8-17-2011By Human Rights Defenders Program
Human Rights First
In July, Human Rights First profiled Jalila al-Salman, a Bahraini teacher who has been detained since March for her alleged role in coordinating a teachers’ strike. We are very concerned to hear from local human rights defenders that Jalila was hospitalized today for chest pains following 10 days on hunger strike. Among the handful of women still in detention in Bahrain, Jalila and fellow prisoner, Roula Al Saffar, the Head of the Bahrain Nursing Society, have undergone a joint hunger strike to protest their continued detention and ill treatment. There are reports that Jalila has been severely tortured.
While there were hopes that the women detainees would be released pending a transfer to civilian courts at the start of Ramadan, so far there have been no improvements to their situation.
Another female detainee told HRF staff in Bahrain what happened to her, Her account is consistent with what has happened to other female detainees:
I was taken from the hospital where I was working during the middle of the day. Four masked men came and took me for an interrogation. They blindfolded me and took me to the investigations office. They were verbally abusing me, saying the doctors at the hospital were sectarian, only treating Shiite patients.
Then they moved me to another room – I was blindfolded the whole time and a policewoman pushed me along the corridor for more questioning.
They wanted me to say that doctors took injured people for operations unnecessarily, they had very minor injuries but doctors made these injuries worse and caused death on purpose in two cases.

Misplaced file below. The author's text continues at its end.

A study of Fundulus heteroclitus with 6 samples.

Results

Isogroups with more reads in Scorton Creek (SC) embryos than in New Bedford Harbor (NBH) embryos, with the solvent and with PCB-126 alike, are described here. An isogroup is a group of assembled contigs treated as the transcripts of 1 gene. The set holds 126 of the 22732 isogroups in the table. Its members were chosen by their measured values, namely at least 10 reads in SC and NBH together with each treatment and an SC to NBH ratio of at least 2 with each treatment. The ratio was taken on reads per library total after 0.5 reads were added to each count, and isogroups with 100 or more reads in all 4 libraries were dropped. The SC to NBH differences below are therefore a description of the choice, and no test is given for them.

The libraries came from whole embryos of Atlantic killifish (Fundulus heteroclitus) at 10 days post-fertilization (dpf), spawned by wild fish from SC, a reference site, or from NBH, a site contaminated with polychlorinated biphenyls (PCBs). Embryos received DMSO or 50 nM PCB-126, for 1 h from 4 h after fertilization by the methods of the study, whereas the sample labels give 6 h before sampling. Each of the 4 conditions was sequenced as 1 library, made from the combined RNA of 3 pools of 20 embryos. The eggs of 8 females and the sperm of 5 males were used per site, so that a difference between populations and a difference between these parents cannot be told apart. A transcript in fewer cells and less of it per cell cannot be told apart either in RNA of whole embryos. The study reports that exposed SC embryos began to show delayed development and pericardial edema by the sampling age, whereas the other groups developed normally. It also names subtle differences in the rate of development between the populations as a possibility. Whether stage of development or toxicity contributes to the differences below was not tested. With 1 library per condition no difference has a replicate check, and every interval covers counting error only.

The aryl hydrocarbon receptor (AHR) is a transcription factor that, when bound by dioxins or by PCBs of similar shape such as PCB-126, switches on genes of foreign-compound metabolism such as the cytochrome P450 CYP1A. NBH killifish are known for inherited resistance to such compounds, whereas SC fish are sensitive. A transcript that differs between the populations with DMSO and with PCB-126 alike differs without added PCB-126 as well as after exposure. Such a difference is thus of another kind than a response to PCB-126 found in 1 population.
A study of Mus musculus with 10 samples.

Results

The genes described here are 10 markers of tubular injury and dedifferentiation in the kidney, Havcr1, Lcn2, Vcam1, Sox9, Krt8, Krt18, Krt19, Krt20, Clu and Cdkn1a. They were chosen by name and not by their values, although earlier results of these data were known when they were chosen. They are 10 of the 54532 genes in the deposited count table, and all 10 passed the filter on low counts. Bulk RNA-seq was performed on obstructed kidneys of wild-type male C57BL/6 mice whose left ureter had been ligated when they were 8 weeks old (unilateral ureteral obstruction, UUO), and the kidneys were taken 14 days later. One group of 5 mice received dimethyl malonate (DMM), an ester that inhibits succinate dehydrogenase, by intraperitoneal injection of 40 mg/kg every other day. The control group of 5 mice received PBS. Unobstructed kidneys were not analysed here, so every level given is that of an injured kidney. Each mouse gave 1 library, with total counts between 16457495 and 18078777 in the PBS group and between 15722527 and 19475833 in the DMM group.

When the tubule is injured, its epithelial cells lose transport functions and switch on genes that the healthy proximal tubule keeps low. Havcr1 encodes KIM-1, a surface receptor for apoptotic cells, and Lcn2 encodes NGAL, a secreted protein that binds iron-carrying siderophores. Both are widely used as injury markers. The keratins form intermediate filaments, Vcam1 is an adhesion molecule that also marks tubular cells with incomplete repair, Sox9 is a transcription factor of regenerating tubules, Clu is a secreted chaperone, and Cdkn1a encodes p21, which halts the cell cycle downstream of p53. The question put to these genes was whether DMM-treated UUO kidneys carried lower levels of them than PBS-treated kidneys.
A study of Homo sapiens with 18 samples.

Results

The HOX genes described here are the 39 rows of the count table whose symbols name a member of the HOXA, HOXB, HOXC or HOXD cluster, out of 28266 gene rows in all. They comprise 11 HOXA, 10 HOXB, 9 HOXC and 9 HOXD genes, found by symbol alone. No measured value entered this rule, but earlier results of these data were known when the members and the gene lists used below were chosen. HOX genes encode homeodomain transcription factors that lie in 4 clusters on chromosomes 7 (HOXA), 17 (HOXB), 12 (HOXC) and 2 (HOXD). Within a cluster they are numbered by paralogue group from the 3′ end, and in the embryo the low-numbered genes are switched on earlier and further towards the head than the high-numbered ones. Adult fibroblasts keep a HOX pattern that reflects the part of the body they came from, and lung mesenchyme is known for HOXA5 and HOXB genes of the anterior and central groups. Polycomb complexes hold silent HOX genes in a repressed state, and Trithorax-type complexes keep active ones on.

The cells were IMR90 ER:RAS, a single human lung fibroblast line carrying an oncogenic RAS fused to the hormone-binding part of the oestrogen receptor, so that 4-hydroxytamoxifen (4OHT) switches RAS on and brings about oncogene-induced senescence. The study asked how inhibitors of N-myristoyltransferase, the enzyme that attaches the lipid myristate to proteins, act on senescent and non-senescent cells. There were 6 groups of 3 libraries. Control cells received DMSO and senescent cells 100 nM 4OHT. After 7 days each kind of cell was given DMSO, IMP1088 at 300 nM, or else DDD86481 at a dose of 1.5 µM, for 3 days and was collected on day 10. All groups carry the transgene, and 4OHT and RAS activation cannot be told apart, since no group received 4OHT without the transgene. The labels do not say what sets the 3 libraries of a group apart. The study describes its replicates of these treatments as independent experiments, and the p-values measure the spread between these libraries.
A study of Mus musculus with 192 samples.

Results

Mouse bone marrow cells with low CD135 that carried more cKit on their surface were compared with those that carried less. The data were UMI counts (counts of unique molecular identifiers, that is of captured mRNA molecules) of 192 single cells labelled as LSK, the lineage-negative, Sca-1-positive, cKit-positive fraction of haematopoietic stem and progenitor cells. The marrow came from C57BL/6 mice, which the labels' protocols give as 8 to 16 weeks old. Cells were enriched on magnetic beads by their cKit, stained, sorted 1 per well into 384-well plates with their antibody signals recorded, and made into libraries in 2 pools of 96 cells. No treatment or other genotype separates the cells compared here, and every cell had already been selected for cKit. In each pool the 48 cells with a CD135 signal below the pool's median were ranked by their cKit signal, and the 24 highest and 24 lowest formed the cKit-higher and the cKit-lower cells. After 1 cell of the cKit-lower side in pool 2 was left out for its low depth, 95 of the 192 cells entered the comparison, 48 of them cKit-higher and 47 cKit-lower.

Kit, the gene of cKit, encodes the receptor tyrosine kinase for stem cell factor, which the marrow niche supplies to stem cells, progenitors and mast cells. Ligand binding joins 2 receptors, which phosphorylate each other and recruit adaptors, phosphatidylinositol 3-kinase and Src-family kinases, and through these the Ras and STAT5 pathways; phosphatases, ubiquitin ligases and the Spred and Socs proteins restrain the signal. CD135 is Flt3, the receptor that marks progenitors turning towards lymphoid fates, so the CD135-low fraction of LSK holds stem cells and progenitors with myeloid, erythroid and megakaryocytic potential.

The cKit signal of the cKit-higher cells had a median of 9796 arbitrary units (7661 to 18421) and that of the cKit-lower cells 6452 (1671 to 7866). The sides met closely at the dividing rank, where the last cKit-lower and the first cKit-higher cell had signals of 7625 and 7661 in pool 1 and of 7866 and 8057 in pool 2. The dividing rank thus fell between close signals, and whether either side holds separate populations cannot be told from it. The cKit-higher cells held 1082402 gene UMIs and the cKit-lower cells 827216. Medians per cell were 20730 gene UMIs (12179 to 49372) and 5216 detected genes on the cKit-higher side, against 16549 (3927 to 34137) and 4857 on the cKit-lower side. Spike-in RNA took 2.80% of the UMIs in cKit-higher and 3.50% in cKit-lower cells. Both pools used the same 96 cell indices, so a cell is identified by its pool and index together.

They said we wanted to make Bahrain look bad, to hurt its international reputation. I said no, patients were really bleeding badly, some from live ammunition wounds, and we didn’t make their wounds worse.
The policewoman started to beat me and she said ‘You have to go to the boss, they know how to get a confession out of you.’ They took me to another office – I was standing the whole time, about three hours. It was so terrifying I was hoping I’d die. You don’t know how long it will continue or what they will do next. You’re blindfolded the whole time – they repeat the same questions over and over and if they don’t get the answer they want, they beat you.
So they took me to ‘the boss’ and he alleged that I took drugs from the hospital to the medical tent at Pearl Roundabout [where there was a makeshift medical center for the injured protestors]. I said I didn’t – he said I was a whore and my mother is a whore, and I was beaten very badly by the same lady. I could hear several men laughing and shouting at me not to cry. He gave me back to the policewoman and she continued the interrogation, all night long. They made me sing the national anthem and other songs saying the opposition leaders are crazy – they sang it and forced me to repeat it.
In the early hours of the morning, they let me lift my blindfold just enough to sign something, though I wasn’t allowed to see what it was. The next day they took me to the military police and it was the same thing – interrogation and then I had to sign something else I couldn’t read. When I was being interrogated, the man in charge kept giving instructions to the typist – ‘delete that, paste that there, cut that bit and move it,’ and so on.
I was finally moved to jail where the other detainees were. At first we were separated from each other, and put with the common criminals, but then they put us together. They didn’t allow me to call my family. For one week I was begging them to call my children, as they were alone since their father was also detained but they refused and allowed me to call only after a week.
After some weeks, they told us one evening about 5 p.m. we all had to go back to the Investigation Office. We were all terrified – we called it the House of Horror. They took us there, more than a dozen of us together, and we were called one by one. I had to sign a document to say I hadn’t been beaten. Then, about midnight, I was released.